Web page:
Piracy

‘Kingdom Leaks’ Announced the Date of the End of Its Operation

Written by Bill Toulas
Last updated September 27, 2021

The music piracy site ‘Kingdom Leaks’ decided to wrap up and announced its closure date, which is set for January 1, 2021. So, if you are a fan of the platform, you’ve got exactly a month left to enjoy it. The site found itself in the RIAA and the MPA crosshairs recently, and this was not the first time that copyright holders went after its domains.

You see, ‘Kingdom Leaks’ is not specifically about sharing licensed music for free, hurting publishers, creators, and distributors. Its “motto” is not piracy, but it claims to help people listen to an album before deciding to buy it.

kingdom-leaks.com

User “mR12,” who is one of the site’s admins, has posted a lengthy message on the official website’s forum after he originally posted it on Discord, explaining that the project is now essentially done for and that people should consider using Spotify now.

As the admin writes, people take for granted that ‘Kingdom Leaks’ can keep on ignoring the U.S. federal law for over four years now, but things aren’t as simple as that. At some point, “they nail you.” Considering that the servers weren’t set up with all the proper precautions like using VPN and securing device anonymity, former and current members would be exposed if the authorities were to seize them.

In the same message, “mR12” calls people to consider services like Spotify, which is worth the $120 per year subscription cost. The lifelong pirate mentions the elements of hassle-free listening, cross-platform support, humongous music collection that covers almost everything, and the option for offline listening, which the person characterizes as “partial piracy.”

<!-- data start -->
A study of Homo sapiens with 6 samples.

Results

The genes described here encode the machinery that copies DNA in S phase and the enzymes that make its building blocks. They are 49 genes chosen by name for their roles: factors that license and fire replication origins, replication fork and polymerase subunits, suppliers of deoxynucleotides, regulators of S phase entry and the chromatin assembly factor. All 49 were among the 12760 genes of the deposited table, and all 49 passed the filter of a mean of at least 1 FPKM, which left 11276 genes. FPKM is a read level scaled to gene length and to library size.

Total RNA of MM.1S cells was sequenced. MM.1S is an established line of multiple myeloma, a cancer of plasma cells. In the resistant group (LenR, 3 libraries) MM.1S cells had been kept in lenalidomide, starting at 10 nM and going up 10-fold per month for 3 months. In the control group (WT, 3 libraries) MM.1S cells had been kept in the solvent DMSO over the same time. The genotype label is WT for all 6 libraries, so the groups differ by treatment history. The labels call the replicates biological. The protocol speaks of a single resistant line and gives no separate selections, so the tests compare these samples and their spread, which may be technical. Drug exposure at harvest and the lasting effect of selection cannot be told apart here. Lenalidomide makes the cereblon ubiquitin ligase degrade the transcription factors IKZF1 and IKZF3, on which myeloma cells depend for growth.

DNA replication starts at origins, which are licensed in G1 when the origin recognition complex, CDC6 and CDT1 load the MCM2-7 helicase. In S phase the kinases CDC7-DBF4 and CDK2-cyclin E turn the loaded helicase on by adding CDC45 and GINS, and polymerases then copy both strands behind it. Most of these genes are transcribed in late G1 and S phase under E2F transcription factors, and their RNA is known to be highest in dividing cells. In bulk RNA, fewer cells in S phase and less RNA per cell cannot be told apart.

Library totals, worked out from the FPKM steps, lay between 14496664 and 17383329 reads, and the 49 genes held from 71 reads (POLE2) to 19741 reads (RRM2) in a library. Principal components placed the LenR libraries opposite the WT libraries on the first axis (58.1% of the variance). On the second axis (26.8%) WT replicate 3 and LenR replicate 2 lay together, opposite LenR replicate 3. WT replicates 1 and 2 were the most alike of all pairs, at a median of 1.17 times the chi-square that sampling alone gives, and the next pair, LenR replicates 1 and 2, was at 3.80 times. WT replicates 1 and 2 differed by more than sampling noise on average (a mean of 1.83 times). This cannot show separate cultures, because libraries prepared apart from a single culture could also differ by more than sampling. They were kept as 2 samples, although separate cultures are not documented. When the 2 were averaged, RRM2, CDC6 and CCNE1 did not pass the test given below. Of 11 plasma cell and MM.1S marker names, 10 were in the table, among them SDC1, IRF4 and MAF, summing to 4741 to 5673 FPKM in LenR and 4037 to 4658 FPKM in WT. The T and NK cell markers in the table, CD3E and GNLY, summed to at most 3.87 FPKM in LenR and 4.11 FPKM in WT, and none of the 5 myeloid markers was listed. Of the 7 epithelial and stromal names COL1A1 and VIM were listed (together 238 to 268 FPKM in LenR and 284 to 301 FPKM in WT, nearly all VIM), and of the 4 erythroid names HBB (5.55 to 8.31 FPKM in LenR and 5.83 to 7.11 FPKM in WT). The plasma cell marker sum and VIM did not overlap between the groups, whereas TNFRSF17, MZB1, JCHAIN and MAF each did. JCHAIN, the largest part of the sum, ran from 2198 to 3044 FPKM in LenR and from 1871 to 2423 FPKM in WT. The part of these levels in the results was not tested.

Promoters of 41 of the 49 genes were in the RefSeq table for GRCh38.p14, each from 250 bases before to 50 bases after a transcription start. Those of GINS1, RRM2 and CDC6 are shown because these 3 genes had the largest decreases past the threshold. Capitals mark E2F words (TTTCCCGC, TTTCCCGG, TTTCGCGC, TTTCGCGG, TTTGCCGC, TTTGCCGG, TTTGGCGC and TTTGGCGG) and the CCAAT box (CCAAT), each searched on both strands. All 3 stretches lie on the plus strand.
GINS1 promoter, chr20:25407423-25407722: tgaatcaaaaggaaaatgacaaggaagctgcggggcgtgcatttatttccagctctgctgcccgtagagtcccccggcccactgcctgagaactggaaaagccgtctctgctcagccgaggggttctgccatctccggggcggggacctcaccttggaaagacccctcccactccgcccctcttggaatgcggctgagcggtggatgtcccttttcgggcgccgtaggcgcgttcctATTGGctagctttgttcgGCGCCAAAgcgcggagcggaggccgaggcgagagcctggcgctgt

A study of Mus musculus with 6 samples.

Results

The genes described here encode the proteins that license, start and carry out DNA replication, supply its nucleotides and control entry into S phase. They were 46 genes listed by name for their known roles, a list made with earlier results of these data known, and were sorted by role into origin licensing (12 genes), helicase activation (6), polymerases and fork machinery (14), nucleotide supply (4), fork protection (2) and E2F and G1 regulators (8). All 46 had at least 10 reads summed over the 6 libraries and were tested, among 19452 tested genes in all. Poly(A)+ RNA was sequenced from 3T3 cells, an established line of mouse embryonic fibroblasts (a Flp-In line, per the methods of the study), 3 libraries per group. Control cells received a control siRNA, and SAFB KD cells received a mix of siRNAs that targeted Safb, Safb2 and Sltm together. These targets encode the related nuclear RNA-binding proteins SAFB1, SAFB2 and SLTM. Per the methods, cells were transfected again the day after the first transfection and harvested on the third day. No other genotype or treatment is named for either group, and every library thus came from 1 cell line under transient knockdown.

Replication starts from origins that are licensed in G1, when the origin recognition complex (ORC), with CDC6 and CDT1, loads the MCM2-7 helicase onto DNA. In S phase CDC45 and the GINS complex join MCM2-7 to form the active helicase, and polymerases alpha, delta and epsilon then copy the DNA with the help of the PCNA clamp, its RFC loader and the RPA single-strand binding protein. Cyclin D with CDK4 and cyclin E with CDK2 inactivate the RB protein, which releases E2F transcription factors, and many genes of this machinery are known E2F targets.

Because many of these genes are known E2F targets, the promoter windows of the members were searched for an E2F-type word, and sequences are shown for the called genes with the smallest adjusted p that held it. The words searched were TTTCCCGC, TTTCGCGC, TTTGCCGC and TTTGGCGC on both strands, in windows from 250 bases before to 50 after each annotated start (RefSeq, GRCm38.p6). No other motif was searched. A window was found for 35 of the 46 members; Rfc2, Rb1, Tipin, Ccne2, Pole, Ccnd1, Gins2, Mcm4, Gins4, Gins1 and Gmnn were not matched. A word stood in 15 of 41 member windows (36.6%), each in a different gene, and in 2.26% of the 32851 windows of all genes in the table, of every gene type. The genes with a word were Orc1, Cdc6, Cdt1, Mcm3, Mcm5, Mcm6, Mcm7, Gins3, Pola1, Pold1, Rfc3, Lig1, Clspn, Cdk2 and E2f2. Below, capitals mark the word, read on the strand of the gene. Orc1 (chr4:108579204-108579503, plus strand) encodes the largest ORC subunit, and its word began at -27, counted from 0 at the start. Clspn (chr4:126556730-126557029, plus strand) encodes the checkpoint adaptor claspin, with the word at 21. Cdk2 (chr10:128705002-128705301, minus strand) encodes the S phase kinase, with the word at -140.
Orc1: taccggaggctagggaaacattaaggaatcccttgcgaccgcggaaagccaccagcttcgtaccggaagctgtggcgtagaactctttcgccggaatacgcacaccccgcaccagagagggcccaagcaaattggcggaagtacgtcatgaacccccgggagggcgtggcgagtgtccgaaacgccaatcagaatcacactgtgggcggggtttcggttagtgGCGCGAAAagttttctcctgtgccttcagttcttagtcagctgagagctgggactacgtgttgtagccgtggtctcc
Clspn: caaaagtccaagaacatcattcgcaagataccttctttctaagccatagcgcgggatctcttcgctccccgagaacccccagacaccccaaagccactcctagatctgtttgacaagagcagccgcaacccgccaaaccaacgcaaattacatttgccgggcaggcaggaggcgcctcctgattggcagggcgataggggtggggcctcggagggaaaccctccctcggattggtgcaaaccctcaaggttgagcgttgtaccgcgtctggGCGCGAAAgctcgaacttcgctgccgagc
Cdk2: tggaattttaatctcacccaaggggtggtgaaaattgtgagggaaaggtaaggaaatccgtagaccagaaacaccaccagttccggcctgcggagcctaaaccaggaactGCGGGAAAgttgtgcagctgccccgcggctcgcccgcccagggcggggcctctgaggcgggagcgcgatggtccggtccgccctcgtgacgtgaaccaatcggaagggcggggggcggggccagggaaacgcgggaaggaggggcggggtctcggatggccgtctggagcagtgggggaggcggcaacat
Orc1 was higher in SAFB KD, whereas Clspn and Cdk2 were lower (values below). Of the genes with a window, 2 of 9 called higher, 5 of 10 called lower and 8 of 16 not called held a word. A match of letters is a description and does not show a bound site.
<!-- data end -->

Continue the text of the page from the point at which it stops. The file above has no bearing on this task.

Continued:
How has music impacted you personally, gotten you through hard times, helped you celebrate through the good times? What do you like more than the music you listen to, and what do you like less? Invest in what truly matters to you. If it’s the difference between $120 and not using it at all, is there something worth $120 that you pay for every year that matters to you less than music does?

To see one of the pirate site operators realize the importance of supporting creators and their labels seems weird, but it’s praiseworthy. People grow up, realize new stuff, and sometimes change their opinions even regarding things that seem to be fundamental, almost fixed.

In the end, giving people the ability to listen to something before they buy it isn’t needed as much these days. People can now listen to samples of new albums on YouTube, the artist’s website, Soundcloud, Mixcloud, Last.fm, and many more legal platforms.